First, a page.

Cardiac arrest is an electrical misfiring in the heart resulting in an irregular beat that disrupts blood flow to vital organs. Every year in the United States there are over 475,000 cardiac arrests, with 350,000 occurring outside of a medical facility, leaving victims stranded with no doctor in sight, but immediate administration of CPR can double or even triple chances of survival. Cardiac arrest is an agonizing and slow way to die and is sadly a leading cause of death in America, however, bystander CPR administration can increase survivorship rates up to 45%. Use of Automated External Defibrillators (AEDs) improves recovery rates from 2% to over 80% with proper and prompt administration. Help is needed immediately and proper training is crucial in those seconds; anyone can learn how to save the life of a person suffering from cardiac arrest. This is the goal of the American CPR Care Association.
What is the CPR/ AED course?
The CPR/AED course is a video-based guided training that teaches adults and children alike how to save a person suffering from cardiac arrest. This course is designed to develop the skills needed to effectively respond in an emergency situation in accordance with the Emergency Cardiovascular Care (ECC) and AHA’s 2015 CPR Guidelines. It teaches proper chest compression technique and lifesaving safe, correct administration of a defibrillator. You can take an official certification course here.
Why is it important?
- The majority of cardiac arrests occur at home and over 70% outside of a hospital. Should you be called upon to help a victim, it’s likely to be a loved one.
- Many Americans report feeling helpless to provide aid in the event of a loved one suffering from cardiac arrest.
- Immediate care can be the difference between life and death for a victim of cardiac arrest, up to 45% of cardiac arrest victims survive when bystander CPR is administered.
- AEDs restore normal heart rhythm quickly and safely with little need for medical training. The chance of survival can decrease by up to 10% per minute without defibrillation.
- Confidence in one’s CPR/AED skills can increase the survival rate of the patients and reduces the risk of further complications.
What do I do when someone is suffering from cardiac arrest?
- Remain calm, get to the nearest phone and call 911.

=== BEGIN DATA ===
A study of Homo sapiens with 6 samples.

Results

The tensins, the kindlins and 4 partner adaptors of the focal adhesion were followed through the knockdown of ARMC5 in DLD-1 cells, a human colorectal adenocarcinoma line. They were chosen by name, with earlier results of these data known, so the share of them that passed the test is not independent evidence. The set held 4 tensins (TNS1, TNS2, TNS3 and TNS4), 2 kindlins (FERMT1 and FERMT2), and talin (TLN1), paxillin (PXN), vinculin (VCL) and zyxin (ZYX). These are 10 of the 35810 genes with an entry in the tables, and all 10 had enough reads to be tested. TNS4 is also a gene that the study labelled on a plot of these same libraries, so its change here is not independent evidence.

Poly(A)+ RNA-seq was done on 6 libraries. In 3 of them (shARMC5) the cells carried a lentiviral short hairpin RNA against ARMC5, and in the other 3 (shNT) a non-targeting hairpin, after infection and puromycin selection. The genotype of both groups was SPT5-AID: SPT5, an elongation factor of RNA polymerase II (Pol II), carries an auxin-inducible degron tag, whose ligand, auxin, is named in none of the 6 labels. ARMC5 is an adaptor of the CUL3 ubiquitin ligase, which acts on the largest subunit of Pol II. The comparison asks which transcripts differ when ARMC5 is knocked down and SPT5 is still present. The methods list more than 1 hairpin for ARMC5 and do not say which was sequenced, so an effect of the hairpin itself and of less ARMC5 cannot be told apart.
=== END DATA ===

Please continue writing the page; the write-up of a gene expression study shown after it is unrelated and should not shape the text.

- After confirming EMTs are on their way and the scene is safe, approach the person and get their attention by tapping their shoulder and asking if they need help, if needed move the victim clear of water and ensure they are lying face up.
- With the victim lying on their back, tilt their head back to ensure their away is open, in conventional CPR you would check for breathing to determine the need for rescue breathing before moving to chest compressions.
- To administer chest compressions, clasp your hands one on top of the other in the center of the victim’s chest, elbow extended and locked, before pressing down with your full body weight to a depth of two inches.
- To determine correct pacing, imagine the beat of a fast song like Bee Gee’s classic “Stayin’ Alive,” Journey’s “Don’t Stop Believing,” or Queen’s “Another One Bites the Dust” and proceed to pump your arms up and down to the beat of the song.
- Continue pumping at 100 to 120 beats per minute (to the beat of the song) for at least thirty compressions, if rescue breathing is required administer two breaths, ensuring their chest rises with each breath. For every 30 chest compression, 2 sets of rescue breaths should be performed.
- Alternately chest compression and rescue breathing until normal heart rhythm and breathing is established, an AED is made available or medical services have arrived. Remember the ratio 30:2.
- If using an AED follow the audio/visual prompts, open the victim’s shirt and place the pads on their chest according to the diagram printed on the unit, and follow instructions included in the unit and training provided in the course.
- After the AED administers the shock, or if no shock is advised, resume CPR until signs of life appear or medical help arrives.
Save a life
In times of great distress, we cannot rely on a savior to rescue us, we must be our own heroes. Each individual has the capacity to be a hero, to prolong life, to ensure that a parent is given another day to hug their children.